Execution Tourism: The next trending niche?
Alcatraz East Crime Museum will capitalize on execution tourism with a Ted Bundy display for the 30th anniversary of the serial killer’s execution.
There is cemetery tourism, so why not execution tourism?
January 24, 2019 will be the 30th anniversary of the execution of one of the most well-known serial killers and rapists of the 20th century, Ted Bundy. There are several events taking place over the anniversary, including new items being made available to the public for the first time at Alcatraz East Crime Museum. The display, which will be in front of the famous 1968 Volkswagen Beetle already on view, will include letters, cards, photos, and a radio given to Bundy by his mother, that he kept until he was moved to death row. Available for only a limited time, this display will shed light on the private side of the notorious killer that haunted the country until his death.
“Ted Bundy has always held an extra fascination for our visitors, and many come specifically to see his Volkswagen Beetle, that was such a big part of his crime spree,” explains Rachael Penman, director of artifacts and exhibits at Alcatraz East Crime Museum. “Now museum visitors will have a glimpse inside his frame of mind in the years after his capture, and his relationships with his former girlfriend Liz, and wife Carole.”
To coincide with the anniversary, actor Zac Efron will star as Bundy in the new film “Extremely Wicked, Shockingly Evil and Vile,” which focuses on the major relationships in his life, Liz Kloepfer and Carole Ann Boone. The display reflects this narrative, with letters that give insight into the relationship between Bundy and Boone, and a fascinating letter from Bundy to Kloepfer.
The temporary display will feature a sampling of pieces from the museum’s extensive archive of personal correspondence between Bundy, Boone, and his defense attorney during the Kimberly Leach trial, J. Victor (Vic) Africano. The letters reveal the dedicated relationship between lawyer and client that stretched for nearly a decade, as well as Bundy’s personal feelings about his wife Carole, who he married in court during the Leach trial.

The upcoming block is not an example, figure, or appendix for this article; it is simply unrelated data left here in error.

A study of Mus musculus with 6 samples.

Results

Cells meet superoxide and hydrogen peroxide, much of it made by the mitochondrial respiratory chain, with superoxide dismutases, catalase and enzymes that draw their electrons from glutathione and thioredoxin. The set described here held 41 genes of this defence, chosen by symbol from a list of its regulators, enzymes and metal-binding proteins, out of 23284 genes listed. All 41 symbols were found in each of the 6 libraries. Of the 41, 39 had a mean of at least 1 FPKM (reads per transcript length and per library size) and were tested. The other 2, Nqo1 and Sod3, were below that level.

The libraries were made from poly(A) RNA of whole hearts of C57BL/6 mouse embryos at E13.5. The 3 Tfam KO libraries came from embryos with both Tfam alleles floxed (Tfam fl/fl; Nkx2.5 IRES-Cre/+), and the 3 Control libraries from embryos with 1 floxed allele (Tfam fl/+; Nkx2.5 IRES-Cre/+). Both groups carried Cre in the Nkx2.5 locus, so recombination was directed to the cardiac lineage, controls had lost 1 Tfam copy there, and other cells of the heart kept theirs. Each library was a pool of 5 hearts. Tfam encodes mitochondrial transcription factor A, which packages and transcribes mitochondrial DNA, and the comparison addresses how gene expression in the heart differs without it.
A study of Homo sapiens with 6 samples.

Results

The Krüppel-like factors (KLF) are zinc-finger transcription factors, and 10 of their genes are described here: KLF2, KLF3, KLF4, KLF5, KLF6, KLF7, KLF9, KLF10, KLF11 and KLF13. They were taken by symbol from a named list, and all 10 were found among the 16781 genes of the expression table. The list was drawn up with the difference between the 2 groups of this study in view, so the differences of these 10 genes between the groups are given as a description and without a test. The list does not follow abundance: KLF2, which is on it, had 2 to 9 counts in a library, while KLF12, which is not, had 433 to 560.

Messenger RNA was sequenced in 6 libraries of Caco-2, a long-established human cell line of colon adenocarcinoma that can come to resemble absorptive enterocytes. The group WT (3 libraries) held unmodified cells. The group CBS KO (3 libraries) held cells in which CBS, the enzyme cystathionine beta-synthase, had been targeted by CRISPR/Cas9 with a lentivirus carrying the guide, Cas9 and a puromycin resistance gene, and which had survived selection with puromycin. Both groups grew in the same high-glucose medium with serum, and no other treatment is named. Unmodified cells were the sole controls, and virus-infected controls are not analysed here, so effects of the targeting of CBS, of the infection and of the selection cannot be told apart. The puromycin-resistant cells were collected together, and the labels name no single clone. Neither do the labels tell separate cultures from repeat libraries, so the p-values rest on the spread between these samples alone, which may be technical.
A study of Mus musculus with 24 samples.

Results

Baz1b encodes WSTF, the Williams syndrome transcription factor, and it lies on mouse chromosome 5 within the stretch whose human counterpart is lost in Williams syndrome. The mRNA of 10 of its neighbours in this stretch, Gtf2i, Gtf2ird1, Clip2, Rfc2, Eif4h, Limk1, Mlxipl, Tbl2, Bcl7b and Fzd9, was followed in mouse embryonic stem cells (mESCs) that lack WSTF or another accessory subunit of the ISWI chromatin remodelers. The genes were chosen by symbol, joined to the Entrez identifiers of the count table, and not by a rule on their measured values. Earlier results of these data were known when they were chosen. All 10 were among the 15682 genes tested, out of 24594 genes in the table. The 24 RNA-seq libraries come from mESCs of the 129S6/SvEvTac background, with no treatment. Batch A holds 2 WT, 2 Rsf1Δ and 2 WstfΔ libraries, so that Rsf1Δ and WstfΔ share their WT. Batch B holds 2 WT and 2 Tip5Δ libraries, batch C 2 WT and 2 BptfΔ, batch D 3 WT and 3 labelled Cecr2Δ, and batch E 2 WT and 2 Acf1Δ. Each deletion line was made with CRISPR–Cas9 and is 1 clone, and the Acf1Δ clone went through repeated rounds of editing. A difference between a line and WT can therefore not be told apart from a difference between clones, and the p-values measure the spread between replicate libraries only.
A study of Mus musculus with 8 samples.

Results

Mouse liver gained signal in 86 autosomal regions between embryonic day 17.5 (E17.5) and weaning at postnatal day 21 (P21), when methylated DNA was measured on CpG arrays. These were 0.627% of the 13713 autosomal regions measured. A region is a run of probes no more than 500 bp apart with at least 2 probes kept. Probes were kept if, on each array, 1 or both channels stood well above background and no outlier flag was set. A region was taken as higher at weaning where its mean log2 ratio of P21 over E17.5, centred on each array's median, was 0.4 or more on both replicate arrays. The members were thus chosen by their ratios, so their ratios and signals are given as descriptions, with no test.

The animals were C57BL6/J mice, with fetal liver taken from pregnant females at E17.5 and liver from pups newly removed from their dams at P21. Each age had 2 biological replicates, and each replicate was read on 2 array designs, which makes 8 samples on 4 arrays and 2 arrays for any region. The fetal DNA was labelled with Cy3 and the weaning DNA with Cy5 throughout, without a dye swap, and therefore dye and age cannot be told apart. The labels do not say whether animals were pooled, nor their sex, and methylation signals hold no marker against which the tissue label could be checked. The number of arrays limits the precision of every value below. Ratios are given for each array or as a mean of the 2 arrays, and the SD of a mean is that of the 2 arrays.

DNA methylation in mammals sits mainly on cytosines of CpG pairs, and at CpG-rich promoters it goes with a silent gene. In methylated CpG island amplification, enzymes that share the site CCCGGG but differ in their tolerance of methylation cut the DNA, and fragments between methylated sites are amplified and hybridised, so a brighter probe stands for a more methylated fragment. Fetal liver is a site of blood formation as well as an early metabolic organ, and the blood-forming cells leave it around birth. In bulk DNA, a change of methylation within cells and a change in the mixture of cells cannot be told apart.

There has been much speculation about the relationship between Ted and Carole, however the letters reflect a close and affectionate relationship, and that Carole was deeply involved in his defense and maintained a friendly relationship with Africano. Carole’s letters are clearly optimistic, revealing a dry sense of humor. In October 1981, Carole gave birth to a daughter that she claimed was Ted Bundy’s. Referred to as Rosa in their letters, Bundy believed her to be his. The display includes a photograph of their daughter as a baby.
The public will also be able to view a letter from Bundy to Africano in September 1988, only four months before his execution. In it he pleads with his former lawyer to help argue inadequate defense as a last-ditch effort to spare his life.
The display joins the infamous 1968 Volkswagen Beetle Bundy owned and that is associated with numerous murders in Washington State and Utah before his arrest in a stolen VW in Florida. His VW later yielded important forensic evidence linking several of his murders.
“Ted Bundy is a household name because of the horrific nature of his crimes,” added Penman. “The public continues to be drawn to Bundy partly because of the questions his friendly and handsome façade brings out. The warning of “stranger danger” is something we always try to bring home to our visitors, but it goes beyond that because Liz stayed with him even after reporting him to the police.”
There are Ted Bundy artifacts on view in other galleries, including the typewriter he used in prison after his Florida arrest, and the dental mold of his teeth used to help convict him in the Chi Omega murders.
The museum is always adding to its collection and has a star-studded panel of experts who make up the Advisory Board, including those in law enforcement, collectors, a medical examiner, crime scene investigators, and others. The board includes Jim Willett, a retired prison warden, Anthony Rivera, a combat veteran and Navy SEAL chief, and Judge Belvin Perry, Jr., who is best known for the Casey Anthony trial.